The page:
What You Need to Know About Fungal Acne

What You Need to Know About Fungal Acne

What You Need to Know About Fungal Acne

There are many types of acne, and treatment depends on the type. Treatments area also split into two categories that overlap in many ways: medical/dermatological and cosmetic. RefinedMD is home to leading MDs as well as a suite of aesthetic dermatology experts because we understand the importance of marrying the medical with the cosmetic. For example, it’s important to get active acne under control, but signs of acne past—like scarring and hyperpigmentation—can also do a number on your self-esteem. It’s possible to treat both, sometimes simultaneously. However, this journey all begins with figuring out what kind of acne you’re dealing with.

It can often take a dermatology expert to properly differentiate acne types. Common types of acne like whiteheads, blackheads, and even cysts can sometimes be identified by laypeople. However, fungal acne can be much trickier. This is partially due to the fact that it isn’t actually, technically “acne.” It looks like it, but it’s not traditional acne (AKA folliculitis), which is a skin disease caused by bacteria. Instead, as the name suggests, it’s caused by a fungus or yeast. This means that common treatments for acne aren’t going to work on so-called fungal acne. You’re going to need an anti-fungal medication and probably some lifestyle changes if you want to stop and prevent fungal acne from occurring.

The Fakeness of Fungal Acne

Fungal acne isn’t even a medical term, though it’s one that’s been adopted (even by some dermatologists). The actual name for this condition is pityrosporum folliculitis. It’s not part of acne vulgaris, which includes blackheads, whiteheads cysts, papules, and pustules—these are all caused by bacteria and clogged pores. Fungal acne is caused by M. furfur, a yeast that gets rooted in the hair follicle. It’s actually much more comparable to dandruff than to acne, at least when it comes to cause and treatment. Plus, fungal acne is itchy—much more so than real acne. This can exacerbate the condition.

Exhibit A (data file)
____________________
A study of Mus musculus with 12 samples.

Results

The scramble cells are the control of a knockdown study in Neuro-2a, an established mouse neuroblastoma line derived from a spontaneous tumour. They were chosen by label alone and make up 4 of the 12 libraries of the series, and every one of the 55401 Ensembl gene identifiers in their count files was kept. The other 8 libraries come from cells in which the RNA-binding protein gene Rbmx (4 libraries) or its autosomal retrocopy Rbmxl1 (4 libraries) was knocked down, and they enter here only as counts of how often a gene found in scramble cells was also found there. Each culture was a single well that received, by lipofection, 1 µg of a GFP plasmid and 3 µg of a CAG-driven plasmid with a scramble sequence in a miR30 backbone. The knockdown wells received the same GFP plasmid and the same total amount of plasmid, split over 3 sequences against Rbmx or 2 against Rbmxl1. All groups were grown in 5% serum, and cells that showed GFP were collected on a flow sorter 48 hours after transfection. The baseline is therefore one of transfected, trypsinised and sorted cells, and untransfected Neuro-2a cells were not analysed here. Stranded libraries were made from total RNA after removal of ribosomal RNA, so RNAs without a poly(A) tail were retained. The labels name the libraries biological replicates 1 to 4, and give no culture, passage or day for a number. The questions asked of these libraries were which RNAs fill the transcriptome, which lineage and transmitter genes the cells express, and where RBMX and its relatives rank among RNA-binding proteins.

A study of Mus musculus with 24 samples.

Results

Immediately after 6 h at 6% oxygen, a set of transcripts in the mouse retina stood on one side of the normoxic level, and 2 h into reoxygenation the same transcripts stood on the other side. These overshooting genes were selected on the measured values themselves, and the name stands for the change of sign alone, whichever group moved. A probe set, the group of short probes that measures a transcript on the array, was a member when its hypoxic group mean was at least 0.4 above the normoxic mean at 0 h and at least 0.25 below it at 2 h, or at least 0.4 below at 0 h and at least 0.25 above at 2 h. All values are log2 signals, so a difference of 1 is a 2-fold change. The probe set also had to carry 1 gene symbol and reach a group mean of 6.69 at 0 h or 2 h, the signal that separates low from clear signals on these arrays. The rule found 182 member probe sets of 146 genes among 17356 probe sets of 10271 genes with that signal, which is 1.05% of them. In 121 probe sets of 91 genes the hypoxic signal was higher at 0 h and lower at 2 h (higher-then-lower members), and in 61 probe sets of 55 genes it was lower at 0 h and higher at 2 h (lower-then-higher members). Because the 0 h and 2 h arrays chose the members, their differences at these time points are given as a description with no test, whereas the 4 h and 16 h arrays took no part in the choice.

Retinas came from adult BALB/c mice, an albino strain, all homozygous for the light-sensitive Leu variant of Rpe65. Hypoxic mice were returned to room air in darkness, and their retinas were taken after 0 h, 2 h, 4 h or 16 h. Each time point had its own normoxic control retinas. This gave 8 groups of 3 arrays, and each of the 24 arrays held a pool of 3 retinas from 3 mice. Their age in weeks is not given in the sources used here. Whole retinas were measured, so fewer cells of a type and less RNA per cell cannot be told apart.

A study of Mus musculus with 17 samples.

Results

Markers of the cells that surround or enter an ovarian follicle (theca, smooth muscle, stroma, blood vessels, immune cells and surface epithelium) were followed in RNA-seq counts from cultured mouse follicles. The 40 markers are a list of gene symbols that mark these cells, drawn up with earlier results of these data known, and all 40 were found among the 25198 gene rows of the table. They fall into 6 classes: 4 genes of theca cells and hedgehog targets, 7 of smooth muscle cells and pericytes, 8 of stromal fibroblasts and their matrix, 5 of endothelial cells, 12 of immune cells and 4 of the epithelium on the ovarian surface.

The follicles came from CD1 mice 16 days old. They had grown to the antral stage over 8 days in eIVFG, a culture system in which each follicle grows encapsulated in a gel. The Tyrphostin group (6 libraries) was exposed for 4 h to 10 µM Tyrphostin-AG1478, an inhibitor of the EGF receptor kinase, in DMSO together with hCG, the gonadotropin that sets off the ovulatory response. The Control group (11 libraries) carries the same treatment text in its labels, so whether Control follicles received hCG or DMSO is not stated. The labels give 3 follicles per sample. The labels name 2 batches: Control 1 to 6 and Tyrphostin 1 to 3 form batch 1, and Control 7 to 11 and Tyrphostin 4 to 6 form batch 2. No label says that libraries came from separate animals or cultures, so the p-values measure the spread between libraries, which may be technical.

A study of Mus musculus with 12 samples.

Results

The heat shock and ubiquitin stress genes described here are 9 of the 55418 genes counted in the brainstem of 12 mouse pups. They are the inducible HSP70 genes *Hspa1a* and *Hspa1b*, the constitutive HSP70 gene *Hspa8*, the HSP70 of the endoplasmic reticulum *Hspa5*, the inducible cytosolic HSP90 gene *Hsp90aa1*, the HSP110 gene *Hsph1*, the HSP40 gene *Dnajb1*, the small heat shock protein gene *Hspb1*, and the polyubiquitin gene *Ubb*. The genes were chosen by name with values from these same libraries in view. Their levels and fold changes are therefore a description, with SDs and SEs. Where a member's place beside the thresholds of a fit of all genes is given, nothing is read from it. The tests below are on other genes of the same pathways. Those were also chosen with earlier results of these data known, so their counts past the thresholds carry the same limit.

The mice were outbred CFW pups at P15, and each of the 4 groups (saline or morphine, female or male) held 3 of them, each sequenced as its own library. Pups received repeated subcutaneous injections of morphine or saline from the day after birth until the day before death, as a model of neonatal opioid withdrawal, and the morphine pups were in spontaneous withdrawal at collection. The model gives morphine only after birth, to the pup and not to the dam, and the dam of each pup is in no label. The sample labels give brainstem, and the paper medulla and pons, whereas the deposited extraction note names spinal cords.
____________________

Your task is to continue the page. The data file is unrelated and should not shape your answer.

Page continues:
Many people misdiagnose fungal acne as a pustule or papule, two of the most severe forms of acne vulgaris. But it’s not as inflammatory as these kinds of acne and it isn’t cystic. Fungal acne presents as small bumps that are usually pink or skin colored. You might also be able to guess fungal acne based on its location. Real acne often presents in the T-zone, jawline, and neck and is often red in color. Fungal acne is most often found on the upper chest, temples and sides of the face, forehead, hairline, and on the back. Of course, both fungal acne and real acne can be found anywhere on the body, which is why it’s so important to see a skin care expert for all of your questions and needs.

Facts About Fungi

Nobody likes to hear that they have fungi on their face—but everybody does. It’s totally normal, but when the yeast goes into overdrive and delves into the hair follicle, that’s when fungal acne occurs. This is often prefaced with an event, such as taking oral steroids or antibiotics (one of the most common triggers). Antibiotics can be a literal lifesaver, but they do create and imbalance in bacteria. When all types of bacteria are depleted, this can tell yeast to overproduce. It’s the same reason some people are prone to vaginal yeast infections after taking a round of oral antibiotics.

Besides antibiotics, yeast imbalance can also be worsened when moisture gets trapped and fungi is allowed to breed. Sweating after a workout is one great example. Fungal acne thrives if you’re often in humid, moist, and warm environments. Additionally, some people are just more prone to getting fungal acne than others. This is particularly true for those with an autoimmune disease, but it can be common in just about anyone.

Treating Fungal Acne

Your skin care professional is the best expert to help you find the right anti-fungal acne treatment for you. You’ll also want to avoid activities that trap sweat on the skin, or make it a priority to shower immediately after activities that cause this environment. And if fungal acne has left pits, brown spots, or light scars from picking at this itchy condition, don’t worry. There are many treatment options, such as laser skin rejuvenation, chemical peels, and microneedling, to help with these lingering conditions. To find out more about getting a correct acne diagnosis and treating active and past acne signs, contact RefinedMD today by giving us a call or filling out the online contact form.